DSU launches ‘Reconciliation Through Education’ campaign
By Katie Czenczek, News Editor
Last week students at Douglas College honoured Indigenous women all over Canada who have gone missing or been murdered along the Highway of Tears.
The Sisters in Spirit vigil was held on Wednesday, October 3 from 11 am to 3 pm at the Coquitlam Campus and on Thursday from 11 am to 2 pm at the New Westminster campus. It was timely to get the message across before the Thanksgiving long weekend. This was the 13th annual Sisters in Spirit Vigil at Douglas College.
Vigils were held all across the country to honour missing and murdered Indigenous women. According to the website of the Native Women’s Association of Canada (NWAC), there were only 11 vigils held in the first year in 2006. By 2017, the number had grown to 212. At these events people pay their respects for those who have still not been found or have been murdered, and members of the Indigenous community “share their experiences with the justice system, media, victim services, and other institutional and community supports,” according to the NWAC’s website. Vigils are also intended to put pressure on society and government to act and acknowledge that there is an ongoing crisis.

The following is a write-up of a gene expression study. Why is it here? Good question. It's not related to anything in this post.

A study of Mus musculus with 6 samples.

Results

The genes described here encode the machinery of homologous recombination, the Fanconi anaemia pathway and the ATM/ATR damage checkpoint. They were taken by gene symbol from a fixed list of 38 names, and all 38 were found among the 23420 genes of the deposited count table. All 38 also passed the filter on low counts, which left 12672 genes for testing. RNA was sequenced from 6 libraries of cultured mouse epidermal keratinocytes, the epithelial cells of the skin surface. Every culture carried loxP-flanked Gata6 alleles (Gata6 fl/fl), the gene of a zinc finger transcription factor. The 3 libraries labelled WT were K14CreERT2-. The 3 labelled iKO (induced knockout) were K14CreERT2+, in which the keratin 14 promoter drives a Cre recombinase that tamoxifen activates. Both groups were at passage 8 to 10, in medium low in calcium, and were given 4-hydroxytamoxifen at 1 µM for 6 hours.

Hosted by the DSU, the vigils at Douglas featured information booths that provided resources and services for Indigenous students at Douglas, along with providing statistics about the Highway of Tears and other issues that Indigenous women face. They served hot chocolate and held a candlelight vigil for people to pay respect.
Julia Paludo, a first-year Chemistry student at Douglas College, said in an interview with the Other Press that she thinks it’s important to spread awareness of these issues.
“It’s a really good cause,” she said. “It makes people think about what happened and what is still happening to Indigenous women today.”
The vigils held at Douglas also featured the REDress Project, where students can paint their hands red and stamp them onto a drawing of a girl in honour of missing and murdered Indigenous women. Started by Metis artist Jaime Black, the idea is to visually demonstrate the issues Indigenous women face in Canada.
The DSU also did a soft-launch of their Reconciliation Through Education initiative which is partnered with the British Columbia Federation of Students (BCFS). Their goal is to promote reconciliation by telling stories and educating people about the Truth and Reconciliation commission so myths about Indigenous peoples are no longer spread.
To date, the number of women who have gone missing has been a contentious figure. According to the Canadian Encyclopedia, the RCMP said in a 2014 report that between 1980 and 2012 there have been nearly 1,200 cases where Indigenous women have gone missing or been murdered. However, Indigenous women’s groups contest this data, as it fails to consider the cases that haven’t been reported to the RCMP. These groups estimate that it’s more likely that over 4,000 women have gone missing.